DIRECTOR: Albert Maritz
CAST: Albert Pretorius and Mbulelo Grootboom
VENUE: The Fugard Studio until February 15
REVIEW: Peter Tromp
To many of us, 1989 will feel like a lifetime ago, and perhaps not even that significant of a year. As ‘Playland’ reminds us, there was plentiful crappy music and bad fashion to go around, things that now have nostalgic value and hipster cache. Of course apartheid was still in full swing then, but as the background revellers in the fictional theme park of the play, evoked through background sounds, demonstrate, for many it was just playing out in the background, in amongst their carousing and the small dramas of their days.
To the two characters of the Athol Fugard play (translated into Afrikaans by Saartjie Botha) apartheid is very much something that has affected the predominant part of their psyches. One of the characters, Gideon le Roux (Albert Pretorius), an ex-national serviceman who has been struggling to acclimatise to everyday life since the atrocities he observed while on duty in Namibia, is desperate to lose himself in the tacky amusements of the day, while Martinus Zoeloe (Mbulelo Grootboom), a night-watchman at the amusement park, realises that he’ll never truly be able to take part in the carefree distractions Playland. Instead he takes solace in the justice God has in store for people who give little thought to the oppressions that exist just beyond their manicured realities.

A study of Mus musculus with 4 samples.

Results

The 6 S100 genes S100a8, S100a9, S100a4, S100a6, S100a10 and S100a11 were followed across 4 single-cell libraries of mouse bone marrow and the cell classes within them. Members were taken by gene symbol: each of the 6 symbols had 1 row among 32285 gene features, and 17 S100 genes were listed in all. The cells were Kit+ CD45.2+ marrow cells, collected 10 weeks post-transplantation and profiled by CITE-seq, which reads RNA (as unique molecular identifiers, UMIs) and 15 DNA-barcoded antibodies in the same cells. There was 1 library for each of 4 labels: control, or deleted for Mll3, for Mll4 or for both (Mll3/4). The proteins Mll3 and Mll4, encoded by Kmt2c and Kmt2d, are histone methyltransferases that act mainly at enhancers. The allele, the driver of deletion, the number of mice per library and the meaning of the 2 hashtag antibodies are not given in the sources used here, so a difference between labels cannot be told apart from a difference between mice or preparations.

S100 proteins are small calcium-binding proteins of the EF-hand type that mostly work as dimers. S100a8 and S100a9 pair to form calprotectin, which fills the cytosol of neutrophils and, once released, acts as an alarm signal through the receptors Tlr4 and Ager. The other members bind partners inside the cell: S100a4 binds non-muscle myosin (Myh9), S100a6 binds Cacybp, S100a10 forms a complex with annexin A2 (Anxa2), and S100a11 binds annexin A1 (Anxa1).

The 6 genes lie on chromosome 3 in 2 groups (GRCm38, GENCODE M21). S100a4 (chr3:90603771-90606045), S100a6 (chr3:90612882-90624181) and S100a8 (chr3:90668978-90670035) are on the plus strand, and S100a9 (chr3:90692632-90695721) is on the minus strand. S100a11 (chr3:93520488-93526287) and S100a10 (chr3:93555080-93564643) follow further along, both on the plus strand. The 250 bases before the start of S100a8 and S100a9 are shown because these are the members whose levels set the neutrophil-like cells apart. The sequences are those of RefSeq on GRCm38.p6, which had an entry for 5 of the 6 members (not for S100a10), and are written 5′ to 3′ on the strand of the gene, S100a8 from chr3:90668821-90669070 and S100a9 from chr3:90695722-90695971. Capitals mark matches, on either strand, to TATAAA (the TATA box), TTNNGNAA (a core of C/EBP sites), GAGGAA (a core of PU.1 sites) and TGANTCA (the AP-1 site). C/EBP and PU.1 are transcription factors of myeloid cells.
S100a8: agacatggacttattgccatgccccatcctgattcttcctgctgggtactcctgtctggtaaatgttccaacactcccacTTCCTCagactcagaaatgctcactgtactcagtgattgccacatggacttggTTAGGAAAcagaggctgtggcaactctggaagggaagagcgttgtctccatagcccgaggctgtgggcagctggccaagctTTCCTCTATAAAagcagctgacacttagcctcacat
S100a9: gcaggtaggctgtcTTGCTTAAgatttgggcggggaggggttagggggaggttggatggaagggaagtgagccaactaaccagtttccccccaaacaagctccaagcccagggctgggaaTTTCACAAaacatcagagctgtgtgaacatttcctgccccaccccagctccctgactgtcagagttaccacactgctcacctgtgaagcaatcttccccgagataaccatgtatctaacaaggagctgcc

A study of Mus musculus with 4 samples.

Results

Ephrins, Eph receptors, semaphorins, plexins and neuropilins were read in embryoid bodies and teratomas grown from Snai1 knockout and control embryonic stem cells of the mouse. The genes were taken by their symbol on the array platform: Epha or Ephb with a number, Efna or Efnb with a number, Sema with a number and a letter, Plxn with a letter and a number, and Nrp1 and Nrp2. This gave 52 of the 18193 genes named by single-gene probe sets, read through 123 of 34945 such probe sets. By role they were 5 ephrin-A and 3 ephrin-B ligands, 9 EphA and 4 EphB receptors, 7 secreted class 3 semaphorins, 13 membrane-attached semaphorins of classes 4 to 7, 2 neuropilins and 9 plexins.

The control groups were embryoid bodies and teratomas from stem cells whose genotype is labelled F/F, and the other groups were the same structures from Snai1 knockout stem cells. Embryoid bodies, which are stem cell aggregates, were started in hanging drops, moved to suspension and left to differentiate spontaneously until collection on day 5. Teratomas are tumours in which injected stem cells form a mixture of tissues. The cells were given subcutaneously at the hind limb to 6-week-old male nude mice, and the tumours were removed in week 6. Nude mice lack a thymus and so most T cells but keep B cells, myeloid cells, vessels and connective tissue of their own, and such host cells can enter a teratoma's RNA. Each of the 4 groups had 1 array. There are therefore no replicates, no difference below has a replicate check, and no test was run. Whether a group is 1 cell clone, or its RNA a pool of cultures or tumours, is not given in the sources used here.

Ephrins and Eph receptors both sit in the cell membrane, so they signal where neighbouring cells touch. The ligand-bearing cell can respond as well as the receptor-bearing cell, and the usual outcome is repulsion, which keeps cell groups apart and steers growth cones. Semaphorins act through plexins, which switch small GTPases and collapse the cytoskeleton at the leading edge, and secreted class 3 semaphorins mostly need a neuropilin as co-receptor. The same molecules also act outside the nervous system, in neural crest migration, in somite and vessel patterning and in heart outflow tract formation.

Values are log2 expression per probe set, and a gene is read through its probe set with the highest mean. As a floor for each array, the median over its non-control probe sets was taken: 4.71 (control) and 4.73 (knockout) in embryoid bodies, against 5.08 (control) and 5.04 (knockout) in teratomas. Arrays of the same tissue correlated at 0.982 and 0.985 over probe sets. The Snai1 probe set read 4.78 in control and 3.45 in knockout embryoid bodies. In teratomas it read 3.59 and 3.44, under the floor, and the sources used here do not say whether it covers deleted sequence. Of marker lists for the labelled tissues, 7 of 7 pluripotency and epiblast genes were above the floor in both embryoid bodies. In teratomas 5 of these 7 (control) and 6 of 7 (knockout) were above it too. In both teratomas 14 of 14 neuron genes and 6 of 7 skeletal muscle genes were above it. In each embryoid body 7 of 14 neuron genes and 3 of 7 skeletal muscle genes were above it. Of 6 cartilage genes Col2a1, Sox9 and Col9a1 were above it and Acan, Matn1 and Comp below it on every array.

They’re both archetypical Fugard characters; ones that exist on the fringes of society. They are the kind of outsiders who sees things more clearly than those that have been co-opted by a system. These two scarred, lonely souls, whose lives have been almost gleefully ruined by that social system, but who exist on the opposite sides of the divide apartheid tried to convince everyone was natural, connect on New Year’s Eve in harrowing fashion, when secrets come spilling out and they have no choice but to confide in and even rely on one another.
I could see many folks denigrating ‘Playland’ as yet another apartheid era play that is just not relevant anymore, but to me the desperation with which both characters try and cling to their humanity in the face of the skewed orthodoxy of the day is something that will always be relevant.
Social systems will always benefit some, and ostracize (or try and eliminate) others. You could say the same thing for the neo-liberal “utopia” we exist in today.
Even if you are sick to death of being reminded of South Africa’s shameful past, the humanistic power of this piece of theatre remains undiminished and is definitely worth sitting through. Director Albert Maritz has produced something elegant, but almost savagely cathartic at the same time and it makes for a night out you won’t soon forget. And trust me when I say you do not want to miss Pretorius’s performance.
* Book through the Fugard Theatre box office on 021 461 4554, or at Computicket.com.